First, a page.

WASHINGTON, January 6, 2014 — America’s congressional elections have turned into seesaw affairs. In the last 10 years, each biennial general election has produced pronounced wins for either Republicans or Democrats.
The president’s party often suffers congressional losses in mid-term elections; that’s because officials elected on the president’s coattails must now stand on their own. In some cases, a majority party’s losses are acute; political scientists refer to these elections as “waves.” Not all waves are mid-terms, though, and not all mid-terms are waves.
In 2004, Republicans made gains in both the House and Senate and re-elected their standard bearer, President George W. Bush. In 2006, Democrats took back both the House and the Senate and ended any chance that Bush could achieve his second-term policy agenda. Democrats made further gains in 2008, behind the strong performance of President Barack Obama. In 2010, the pendulum swung back, with Republicans gaining six Senate seats and 63 House seats. In 2012, Democrats recouped some of their losses, gaining nine House seats and defeating strong Republican Senate candidates even in states that Mitt Romney carried.
While political scientists might not classify the 2004 and 2012 elections as wave elections, American voters have decisively favored either Democrats or Republicans in each cycle. The boom-and-bust cycle leads political observers to wonder whether voters, despite saying that Washington is broken, want it any other way.
What does this portend for the 2014 mid-term elections? Democrats hope that they can retake the House by picking up 17 congressional seats, and protect the Senate from takeover by Republicans who need six additional seats to reach a majority. Republicans think that they can take those six Senate seats and expand their majority in the House.
There’s little doubt that the Republicans have the edge now. They stand to gain if the pattern of seesawing seen in the last 10 years continues. Before the government shutdown began in September, Republicans had successfully taken seats held by Democrats in several special elections since November 2012; Democrats took none.
But the government shutdown also demonstrated how quickly the electorate can turn. With the public placing the blame for the shutdown squarely on the GOP, Democrats successfully took a Republican-held seat in a Florida special election, and won every contested state-wide office in Virginia in November 2013.
The failures of the Obamacare rollout, made worse by the president’s lie about people keeping their healthcare plans if they wanted to, has moved the electorate back to the GOP. Special elections for legislative seats in California and Massachusetts that should have been romps for Democrats have turned into close contests. A Republican won a traditionally Democratic seat in Kentucky last month. Republicans continue to keep the House “generic ballot” polling close,, and are primed to make Senate pickups in several red states that Romney carried comfortably. Even Senate seats that seemed marginal a month ago — like those in Iowa and Colorado — now look like potential pickup opportunities for the GOP.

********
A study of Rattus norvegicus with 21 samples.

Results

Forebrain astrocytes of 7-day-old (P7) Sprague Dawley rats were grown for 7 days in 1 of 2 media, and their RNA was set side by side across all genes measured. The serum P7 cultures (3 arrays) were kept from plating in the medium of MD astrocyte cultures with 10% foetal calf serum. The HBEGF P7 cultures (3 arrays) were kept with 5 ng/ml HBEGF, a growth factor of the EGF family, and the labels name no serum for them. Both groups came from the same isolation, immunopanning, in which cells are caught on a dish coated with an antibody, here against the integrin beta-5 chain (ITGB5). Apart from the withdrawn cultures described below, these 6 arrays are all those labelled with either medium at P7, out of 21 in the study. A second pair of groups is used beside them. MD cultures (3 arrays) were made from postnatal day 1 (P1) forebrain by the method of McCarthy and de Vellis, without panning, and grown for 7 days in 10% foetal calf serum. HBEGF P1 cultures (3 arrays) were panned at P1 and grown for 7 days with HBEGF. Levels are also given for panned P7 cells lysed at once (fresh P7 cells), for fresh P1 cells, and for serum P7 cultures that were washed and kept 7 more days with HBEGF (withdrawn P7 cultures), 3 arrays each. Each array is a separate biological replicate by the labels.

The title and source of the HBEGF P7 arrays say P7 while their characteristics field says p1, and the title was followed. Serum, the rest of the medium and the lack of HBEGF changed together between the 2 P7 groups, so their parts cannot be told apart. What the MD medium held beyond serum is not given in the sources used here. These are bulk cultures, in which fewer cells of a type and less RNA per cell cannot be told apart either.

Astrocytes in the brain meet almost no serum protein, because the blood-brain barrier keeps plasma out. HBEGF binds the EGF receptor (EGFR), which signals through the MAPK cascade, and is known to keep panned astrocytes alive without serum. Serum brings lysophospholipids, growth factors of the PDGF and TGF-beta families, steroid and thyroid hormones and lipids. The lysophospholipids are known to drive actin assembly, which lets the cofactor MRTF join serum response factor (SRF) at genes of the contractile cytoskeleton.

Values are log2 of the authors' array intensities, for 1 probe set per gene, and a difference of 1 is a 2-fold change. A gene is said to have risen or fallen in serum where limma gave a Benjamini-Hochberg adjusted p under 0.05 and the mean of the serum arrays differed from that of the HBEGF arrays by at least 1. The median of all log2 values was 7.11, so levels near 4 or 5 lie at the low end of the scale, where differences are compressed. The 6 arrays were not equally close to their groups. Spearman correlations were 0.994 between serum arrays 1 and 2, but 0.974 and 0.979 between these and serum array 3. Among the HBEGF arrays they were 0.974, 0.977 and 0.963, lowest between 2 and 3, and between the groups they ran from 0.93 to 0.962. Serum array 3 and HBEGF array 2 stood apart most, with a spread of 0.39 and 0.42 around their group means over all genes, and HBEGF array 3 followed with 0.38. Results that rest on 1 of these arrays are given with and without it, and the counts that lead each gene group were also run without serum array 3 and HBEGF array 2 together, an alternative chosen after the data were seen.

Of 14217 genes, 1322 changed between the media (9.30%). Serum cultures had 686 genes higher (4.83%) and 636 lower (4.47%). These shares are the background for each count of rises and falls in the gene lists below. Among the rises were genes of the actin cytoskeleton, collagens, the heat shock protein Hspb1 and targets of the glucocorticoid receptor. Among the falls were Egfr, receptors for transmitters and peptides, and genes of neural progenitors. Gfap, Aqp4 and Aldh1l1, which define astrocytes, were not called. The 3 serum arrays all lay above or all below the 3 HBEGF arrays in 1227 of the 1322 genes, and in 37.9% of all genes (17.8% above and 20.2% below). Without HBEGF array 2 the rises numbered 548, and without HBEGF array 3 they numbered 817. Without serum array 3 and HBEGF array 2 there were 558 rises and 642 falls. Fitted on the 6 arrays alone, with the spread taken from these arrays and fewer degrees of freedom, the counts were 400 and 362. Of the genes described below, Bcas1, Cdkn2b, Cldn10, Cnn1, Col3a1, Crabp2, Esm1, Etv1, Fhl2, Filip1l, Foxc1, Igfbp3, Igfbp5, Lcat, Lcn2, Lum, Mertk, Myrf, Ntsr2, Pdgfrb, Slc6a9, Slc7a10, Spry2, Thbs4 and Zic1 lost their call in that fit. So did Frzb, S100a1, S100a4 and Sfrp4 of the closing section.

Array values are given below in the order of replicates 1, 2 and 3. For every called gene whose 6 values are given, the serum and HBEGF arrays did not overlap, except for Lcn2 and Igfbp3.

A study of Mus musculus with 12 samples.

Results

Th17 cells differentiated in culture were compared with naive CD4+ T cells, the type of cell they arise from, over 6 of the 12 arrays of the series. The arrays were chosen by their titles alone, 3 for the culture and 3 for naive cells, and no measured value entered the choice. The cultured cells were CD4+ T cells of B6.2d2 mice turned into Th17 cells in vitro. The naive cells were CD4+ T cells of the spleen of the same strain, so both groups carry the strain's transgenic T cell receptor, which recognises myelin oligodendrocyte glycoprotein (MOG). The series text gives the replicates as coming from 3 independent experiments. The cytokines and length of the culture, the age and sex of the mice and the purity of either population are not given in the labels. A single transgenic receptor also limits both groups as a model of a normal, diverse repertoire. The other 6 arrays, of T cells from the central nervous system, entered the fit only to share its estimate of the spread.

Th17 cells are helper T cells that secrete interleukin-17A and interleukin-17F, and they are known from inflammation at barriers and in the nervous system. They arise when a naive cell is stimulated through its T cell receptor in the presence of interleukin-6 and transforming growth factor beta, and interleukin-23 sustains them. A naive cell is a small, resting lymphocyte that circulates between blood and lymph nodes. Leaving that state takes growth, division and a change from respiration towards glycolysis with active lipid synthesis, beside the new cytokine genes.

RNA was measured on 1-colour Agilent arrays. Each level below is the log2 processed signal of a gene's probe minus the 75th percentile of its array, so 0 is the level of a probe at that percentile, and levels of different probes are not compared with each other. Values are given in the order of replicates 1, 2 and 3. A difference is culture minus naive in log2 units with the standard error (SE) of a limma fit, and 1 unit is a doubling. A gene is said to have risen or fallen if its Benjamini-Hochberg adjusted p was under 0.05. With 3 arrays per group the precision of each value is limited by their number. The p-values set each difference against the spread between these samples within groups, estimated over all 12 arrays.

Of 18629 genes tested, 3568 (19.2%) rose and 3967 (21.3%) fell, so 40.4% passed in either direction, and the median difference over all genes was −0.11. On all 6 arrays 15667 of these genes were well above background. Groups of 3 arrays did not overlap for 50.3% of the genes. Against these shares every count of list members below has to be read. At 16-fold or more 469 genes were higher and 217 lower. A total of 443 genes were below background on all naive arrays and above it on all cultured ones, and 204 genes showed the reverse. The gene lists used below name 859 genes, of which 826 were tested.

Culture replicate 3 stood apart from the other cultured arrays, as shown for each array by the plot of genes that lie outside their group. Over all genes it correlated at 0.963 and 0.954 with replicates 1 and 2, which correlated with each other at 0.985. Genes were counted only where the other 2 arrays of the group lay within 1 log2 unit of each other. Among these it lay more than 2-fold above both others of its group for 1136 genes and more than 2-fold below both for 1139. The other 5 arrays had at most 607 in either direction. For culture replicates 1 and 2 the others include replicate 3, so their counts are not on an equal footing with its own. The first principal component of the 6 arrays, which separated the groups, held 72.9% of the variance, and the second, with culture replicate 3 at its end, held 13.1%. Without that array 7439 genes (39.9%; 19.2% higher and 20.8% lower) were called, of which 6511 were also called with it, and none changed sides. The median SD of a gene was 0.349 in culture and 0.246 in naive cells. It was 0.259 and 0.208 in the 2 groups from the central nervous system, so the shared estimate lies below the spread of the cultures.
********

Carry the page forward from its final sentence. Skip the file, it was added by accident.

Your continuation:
The lesson, however, is to never get comfortable. The election is more than 10 months away, an eternity in politics. And Republicans are not shy about making things harder on themselves. Already, Republican primary candidates have accused each other of inadequate conservative credentials for such crimes such as voting to reopen the government.
Conservative activists are criticizing the recent Ryan-Murray budget deal, calling it a betrayal. Some House Republicans are even talking about impeaching Attorney General Eric Holder, a move that would go nowhere in the Democrat-controlled Senate. These political missteps, by themselves, may not sink GOP efforts next fall, but they distract attention from recent Democratic political troubles. Instead of making the election a referendum on the president and the Democratic leadership, the distractions force voters to consider making a choice between policy agendas — a much harder position for GOP candidates to be in.
The broader point is that the electorate is both sensitive to changing narratives and willing to reward or punish either party at the ballot box. There is no reason to think November 2014 will be any different. If Republicans hope to enjoy their second mid-term wave next fall, they should avoid distractions, focus on messaging that isn’t seen as wasteful or unnecessary and simply force Democrats to run on their record, as it stands. In sum, it’s time to lay low.